BAGHDAD — After severely curbing news coverage of its crackdown on opposition groups by foreign reporters, Bahraini authorities have begun an assault on local journalists working for international news agencies — with arrests, beatings and, apparently in one instance, electric shock.
Two well-known reporters were arrested Sunday and beaten — Nazeeha Saeed, who reports for the Arabic language service of France24, an all news French television channel, and Mazen Mahdi, who reports for the German press agency Deutsche Presse-Agentur and the U.S. publication Defense News.
Saeed was held until 2 a.m. Monday, and, according to human rights activists in Bahrain, subjected to electric shock. On Monday, the French Embassy lodged a complaint with the Bahrain government, which subsequently announced it had launched an investigation into the alleged abuse, activists said.
McClatchy is withholding the names of its sources in Bahrain to protect them from retribution.
Reached by McClatchy in Paris, where she was flown by France24, Saeed said she would have "no comment on the shocks" or her arrest, pending a court case against the Bahrain police who abused her.
Mahdi was held for hours of questioning and physically abused as well. "They blindfolded, cuffed, and then beat me," the Financial Times quoted Mahdi as saying. "They were claiming I 'published lies' that harmed the country's image." Mahdi did not respond to McClatchy's request for comment.
The assaults on local reporters appears to be another step in Bahrain's harsh crackdown on dissent that began in mid March after Saudi Arabia dispatched troops to the island nation to halt a month-long national protest.
Besides ousting the editors of the only independent daily newspaper, Al Wasat, the authorities have arrested local reporters and photographers and expelled the only resident foreign reporter, who worked for the Reuters news agency. Most foreign news reporters, including this one, have been prevented from entering Bahrain.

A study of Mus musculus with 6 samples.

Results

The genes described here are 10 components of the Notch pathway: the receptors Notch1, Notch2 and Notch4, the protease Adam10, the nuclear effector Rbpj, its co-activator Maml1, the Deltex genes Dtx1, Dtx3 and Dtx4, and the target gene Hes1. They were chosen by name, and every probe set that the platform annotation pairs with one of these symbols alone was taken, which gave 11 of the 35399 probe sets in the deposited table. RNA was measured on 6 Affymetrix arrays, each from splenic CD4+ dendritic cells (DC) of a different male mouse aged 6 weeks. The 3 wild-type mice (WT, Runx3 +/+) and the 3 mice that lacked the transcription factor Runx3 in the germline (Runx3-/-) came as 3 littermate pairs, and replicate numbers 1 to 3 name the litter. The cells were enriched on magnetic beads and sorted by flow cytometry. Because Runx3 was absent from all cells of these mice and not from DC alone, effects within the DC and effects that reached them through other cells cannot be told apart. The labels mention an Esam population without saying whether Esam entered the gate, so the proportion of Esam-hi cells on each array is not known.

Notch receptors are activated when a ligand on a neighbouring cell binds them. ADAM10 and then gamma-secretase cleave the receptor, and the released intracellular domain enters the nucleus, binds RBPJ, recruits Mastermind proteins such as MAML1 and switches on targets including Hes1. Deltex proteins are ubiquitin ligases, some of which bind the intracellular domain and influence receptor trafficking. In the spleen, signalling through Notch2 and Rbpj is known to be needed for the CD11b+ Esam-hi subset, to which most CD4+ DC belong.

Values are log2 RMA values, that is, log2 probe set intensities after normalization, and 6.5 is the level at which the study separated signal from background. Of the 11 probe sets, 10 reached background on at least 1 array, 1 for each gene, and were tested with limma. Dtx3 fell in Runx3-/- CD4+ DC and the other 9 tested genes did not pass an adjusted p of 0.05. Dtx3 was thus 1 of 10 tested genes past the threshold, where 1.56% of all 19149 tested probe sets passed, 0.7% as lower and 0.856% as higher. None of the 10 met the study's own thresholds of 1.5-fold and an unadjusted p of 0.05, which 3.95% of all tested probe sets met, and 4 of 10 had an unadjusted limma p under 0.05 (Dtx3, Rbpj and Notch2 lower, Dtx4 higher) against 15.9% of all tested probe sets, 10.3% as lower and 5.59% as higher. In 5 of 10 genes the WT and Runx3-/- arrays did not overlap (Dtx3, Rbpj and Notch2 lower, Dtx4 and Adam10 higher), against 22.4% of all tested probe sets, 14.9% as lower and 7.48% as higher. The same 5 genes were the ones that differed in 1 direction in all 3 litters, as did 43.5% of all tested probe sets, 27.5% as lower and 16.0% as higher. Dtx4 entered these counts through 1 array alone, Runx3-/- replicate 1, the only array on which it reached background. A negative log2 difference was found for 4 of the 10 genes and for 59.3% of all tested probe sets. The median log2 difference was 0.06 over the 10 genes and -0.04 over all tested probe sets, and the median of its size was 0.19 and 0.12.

There's also been an increase in what appear to be efforts to intimidate would-be critics of the monarchy that rules Bahrain, a close U.S. ally and the home base for the U.S. Navy's 5th Fleet.
The intimidation campaign appears to be focused on teachers, who report that as many as 30 elementary and secondary school teachers are taken from their classrooms at a time and driven to police stations where they are subjected to hours of verbal and physical abuse before being released.
Those seized Monday included the wives of a former member of parliament, Jalal Fairooz, who himself has been jailed since early May, and of Haider Mohamed al Noaimi, a 26-year-old columnist for Al Wasat, who was released Sunday after a month in detention.
The teachers were made to stand for hours facing a wall, then ordered to sit and stand in rapid succession, sometimes with black hoods on their heads, stripped of their abayas or black gowns, and subject to verbal insults by their captors.
One teacher, who could not be named for fear of government recriminations, reported that a school bus traveled from school to school picking up teachers who'd been selected for the police scolding.
On the bus, the teachers were told to sing the Bahrain national anthem and swear their allegiance to King Hamad bin Isa al Khalifa, the country's monarch. At the station, they are photographed, then subjected to a bizarre interrogation, the main question being how many times they'd gone to the Pearl Roundabout in Manama, Bahrain's capital, which was the central gathering point for anti-government demonstrations during February and March.
"They called me a donkey, a cow, a liar. They said I am fat. I am an embarrassment, " said one teacher.
Most of the teachers were beaten over the head, and had to give up their cell phones and laptop computers, the teacher said. "The whole thing was laughable," the teacher said, "except that I had all my curriculum plans and grades for my pupils on my computer. I need that back."